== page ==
Lifesaving charity, the RNLI (Royal National Lifeboat Institution), is encouraging people to help save lives at sea and on inland waters by fundraising at home for its annual Mayday fundraising appeal. The RNLI’s Mayday campaign normally sees people taking part in group fundraising events around Ireland but, due to the Coronavirus pandemic, the lifeboat charity is taking the campaign online. Broadcaster, comedian and Dun Laoghaire RNLI volunteer PJ Gallagher is backing the RNLI’s Mayday appeal and urging people to get creative for the lifeboats and raise funds from home.

Although the country is staying at home for now, the charity’s volunteer lifeboat crews are still on-call 24/7, ready to drop everything when their pager sounds, to save lives at sea and on inland waters. Irish lifeboat crews have been on rescue missions during the restrictions and are fully operational. The charity is calling on the public to help raise funds for its vital lifesaving service by getting active and joining a step count challenge, having a cuppa for the crew or taking the H2only challenge for its online Mayday appeal.

To get people in the mood, a Dublin RNLI volunteer crewmember is making the best of the lockdown which has seen his gym close, by throwing his weight behind Mayday. Howth RNLI crewmember and owner of Toned Fit gym, Ronan Murphy, is going to help members of the public get active and make their steps count for Mayday.  The crewmember will be sharing his session online on Howth RNLI’s Facebook page with other stations being asked to join him in the challenge. He has also extended PJ an online fitness challenge to encourage others to get involved and to have a little fun for Mayday while they are stuck inside. Ronan’s gym normally holds a Mayday fundraiser to lift the weight of a RNLI all-weather lifeboat to raise funds.

Commenting on the RNLI’s Mayday campaign, PJ Gallagher said: ‘It is difficult for charities at the moment as the current restrictions mean that we can’t support them in the usual way.  The RNLI is very close to my heart as I know first-hand the work they do and it is an incredible feeling to be able to save a life or help someone in trouble on the water, knowing that you have been provided with the proper kit and training to do it.’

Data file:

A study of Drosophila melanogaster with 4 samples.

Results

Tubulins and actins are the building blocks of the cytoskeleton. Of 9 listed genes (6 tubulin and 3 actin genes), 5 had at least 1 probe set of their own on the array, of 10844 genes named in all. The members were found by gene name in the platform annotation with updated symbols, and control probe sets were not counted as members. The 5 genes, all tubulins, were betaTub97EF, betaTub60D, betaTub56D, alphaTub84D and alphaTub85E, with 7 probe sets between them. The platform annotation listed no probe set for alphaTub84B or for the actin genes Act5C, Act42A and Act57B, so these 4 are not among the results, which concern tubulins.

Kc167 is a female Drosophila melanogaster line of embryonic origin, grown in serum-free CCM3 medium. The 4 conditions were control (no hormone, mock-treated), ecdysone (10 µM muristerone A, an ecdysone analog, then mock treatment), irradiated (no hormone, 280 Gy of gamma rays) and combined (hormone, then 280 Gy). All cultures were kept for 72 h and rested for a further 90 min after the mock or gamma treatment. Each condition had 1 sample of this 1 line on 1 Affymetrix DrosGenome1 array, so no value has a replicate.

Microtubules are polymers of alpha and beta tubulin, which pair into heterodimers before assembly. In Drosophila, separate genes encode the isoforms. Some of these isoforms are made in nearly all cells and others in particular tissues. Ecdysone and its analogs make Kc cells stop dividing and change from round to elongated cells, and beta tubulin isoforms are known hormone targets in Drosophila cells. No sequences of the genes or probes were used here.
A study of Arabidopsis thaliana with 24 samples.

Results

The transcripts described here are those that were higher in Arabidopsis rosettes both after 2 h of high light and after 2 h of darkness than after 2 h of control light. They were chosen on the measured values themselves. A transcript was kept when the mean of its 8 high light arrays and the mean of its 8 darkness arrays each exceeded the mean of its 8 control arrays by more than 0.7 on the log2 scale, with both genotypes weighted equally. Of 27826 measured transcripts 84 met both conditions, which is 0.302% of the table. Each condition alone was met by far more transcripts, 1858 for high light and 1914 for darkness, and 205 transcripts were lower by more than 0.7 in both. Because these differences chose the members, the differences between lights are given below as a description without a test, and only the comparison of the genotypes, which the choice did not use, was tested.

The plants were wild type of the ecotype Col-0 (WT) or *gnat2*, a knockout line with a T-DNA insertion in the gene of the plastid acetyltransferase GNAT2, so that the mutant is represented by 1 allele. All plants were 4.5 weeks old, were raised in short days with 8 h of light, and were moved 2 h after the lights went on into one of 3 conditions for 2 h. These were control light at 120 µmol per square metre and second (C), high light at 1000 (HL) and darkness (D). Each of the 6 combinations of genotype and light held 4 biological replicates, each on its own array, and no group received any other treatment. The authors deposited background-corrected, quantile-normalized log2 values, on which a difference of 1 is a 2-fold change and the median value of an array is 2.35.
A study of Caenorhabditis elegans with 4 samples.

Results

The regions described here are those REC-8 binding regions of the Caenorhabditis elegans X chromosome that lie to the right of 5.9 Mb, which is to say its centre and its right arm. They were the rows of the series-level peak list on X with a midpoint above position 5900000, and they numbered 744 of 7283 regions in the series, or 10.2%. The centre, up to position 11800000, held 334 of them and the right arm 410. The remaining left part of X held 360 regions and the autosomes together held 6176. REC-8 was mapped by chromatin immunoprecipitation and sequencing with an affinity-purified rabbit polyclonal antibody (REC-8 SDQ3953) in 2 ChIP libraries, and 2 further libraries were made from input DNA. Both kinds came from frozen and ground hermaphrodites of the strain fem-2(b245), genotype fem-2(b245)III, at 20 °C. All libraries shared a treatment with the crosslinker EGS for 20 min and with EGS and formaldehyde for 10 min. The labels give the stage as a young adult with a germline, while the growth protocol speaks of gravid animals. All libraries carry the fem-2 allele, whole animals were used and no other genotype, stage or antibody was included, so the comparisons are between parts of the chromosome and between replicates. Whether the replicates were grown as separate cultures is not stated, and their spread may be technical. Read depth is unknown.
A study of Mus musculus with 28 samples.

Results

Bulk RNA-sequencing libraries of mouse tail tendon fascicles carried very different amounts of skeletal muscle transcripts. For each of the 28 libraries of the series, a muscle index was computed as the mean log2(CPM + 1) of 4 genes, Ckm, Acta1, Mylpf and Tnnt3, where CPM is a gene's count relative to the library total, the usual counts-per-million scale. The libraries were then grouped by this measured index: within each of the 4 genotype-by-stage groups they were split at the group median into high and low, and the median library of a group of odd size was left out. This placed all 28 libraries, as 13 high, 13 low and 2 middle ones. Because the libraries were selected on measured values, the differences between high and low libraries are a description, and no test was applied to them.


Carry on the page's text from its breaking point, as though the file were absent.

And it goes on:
‘The RNLI have had to move Mayday online and I hope that people will follow them there.  There are plenty of ways to raise funds and I am going to take up Ronan’s fitness challenge, to show how easy it is to raise funds for the RNLI and keep fit in the process. The ‘Make Your Steps Count for Mayday’ is just one way to fundraise and rnli.org/mayday has more suggestions. If you don’t feel like getting active you can simply donate online at rnli.org/mayday and feel good about it.’

RNLI Fundraising Manager Danny Curran says: ‘Our Mayday fundraising campaign is a vital event in the RNLI calendar and given the current situation it is more important than ever. For years, our fantastic fundraisers have given their time and energy in May to help our lifesavers. But the welfare of our volunteers, staff and supporters is our priority, and the usual range of activities are now impossible. So, this year, Mayday will look a bit different.
‘While many fundraising events and gatherings have been cancelled, our lifeboat volunteers are still responding to their pagers and launching in lockdown. So, we are encouraging our supporters to take on fundraising challenges at home. That way they will be able to help protect our lifesavers, while also keeping themselves and others safe.’

Visit RNLI.org/Mayday to find downloadable materials for all Mayday activities, get involved with our challenges and do something amazing from the safety of your home this May.